Approximate Release Month: January 1993
The shoddy and simplistic nature of Power Moves is its downfall.
I don’t think there’s ever been a good two-button fighting game. Well, there’s Divekick, and I’m sure you fine folks will post about ones I’m unfamiliar with in the comments. But it’s hard to have complex gameplay when you’re being hamstrung with lack of inputs. Compare Street Fighter II: The World Warrior on the Super Nintendo to the Game Boy port. The handheld version is impressive yet lacking in comparison, even ignoring the graphics.
Having said that, Power Moves is technically a three-button game. I say technically because the A button is jump, which would normally be mapped to up on the D-pad. Y and B are the attacks, and you can press both at once to do a special move. You can move up and down in the fighting area, too. It plays like a side-scrolling brawler like Double Dragon, just one-on-one. The problem with that is that the worst part of brawlers is when you’re fighting a boss after having fun beating up the waves and waves of enemies for the rest of the level. Power Moves is just boss battles. The fighting is bland at best.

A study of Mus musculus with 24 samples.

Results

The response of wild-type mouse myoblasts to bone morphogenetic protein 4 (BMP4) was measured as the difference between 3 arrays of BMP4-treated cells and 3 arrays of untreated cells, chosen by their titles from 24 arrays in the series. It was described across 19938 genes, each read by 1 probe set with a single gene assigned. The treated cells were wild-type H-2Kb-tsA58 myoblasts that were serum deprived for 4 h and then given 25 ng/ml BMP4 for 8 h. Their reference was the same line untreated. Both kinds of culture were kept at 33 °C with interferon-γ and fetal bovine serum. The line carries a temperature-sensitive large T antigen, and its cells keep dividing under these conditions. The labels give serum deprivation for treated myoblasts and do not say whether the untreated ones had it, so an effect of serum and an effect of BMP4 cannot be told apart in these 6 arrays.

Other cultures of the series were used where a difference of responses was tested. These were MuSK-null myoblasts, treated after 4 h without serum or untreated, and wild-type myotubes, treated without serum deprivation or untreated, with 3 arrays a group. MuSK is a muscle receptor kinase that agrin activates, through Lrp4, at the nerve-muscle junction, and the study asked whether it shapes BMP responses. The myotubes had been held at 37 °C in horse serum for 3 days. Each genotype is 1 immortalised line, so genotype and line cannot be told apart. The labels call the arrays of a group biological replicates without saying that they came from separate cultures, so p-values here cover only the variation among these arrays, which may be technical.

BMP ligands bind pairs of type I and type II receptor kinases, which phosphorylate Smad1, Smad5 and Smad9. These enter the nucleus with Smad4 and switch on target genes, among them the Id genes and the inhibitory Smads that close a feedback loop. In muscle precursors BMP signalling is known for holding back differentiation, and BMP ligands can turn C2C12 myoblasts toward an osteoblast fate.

There’s a multiplayer component, of course, but the bulk of the experience is the single player mode which has some great ideas marred by a disastrous implementation. I was immediately disappointed when the game forced me to play as Joe, the most generic fighter that has ever existed in a fighting game. Why not let you play as the other characters? It’s a strange restriction in a game that lets you play as every fighter in the versus mode.
As you win fights in Power Moves, you earn points that help build your fighter’s stats – speed, jumping, strength, defense, and life – and allow you to more easily face more challenging opponents. I love RPG elements in non-RPGs. The problem Power Moves has is that there are only eight fighters to spar against, and only one is actually possible to beat at the start. In order to have any success, you need to fight the same guy over and over. There’s no ramp up in difficulty. Every other fighter has sky-high stats. And have I mentioned how the fighting is basic? I lost interest very quickly.
Power Moves has some strange framerate issues that make fighting intermittently sluggish. I call it strange because the background is always moving at full speed as if the issue only affects the sprites that make up the fighters. Sometimes the characters just move at half speed and I don’t understand why. Hopefully watching a few fights will get across what I mean.
I just want to shrug my shoulders and say that this isn’t a fun game. That’s reductive and basic, but I don’t know why anyone would play this. Power Moves just doesn’t have what it takes in a post-Street Fighter II world.
Tomorrow: Koei. Strategy game. Zzzzz. Uncharted Waters.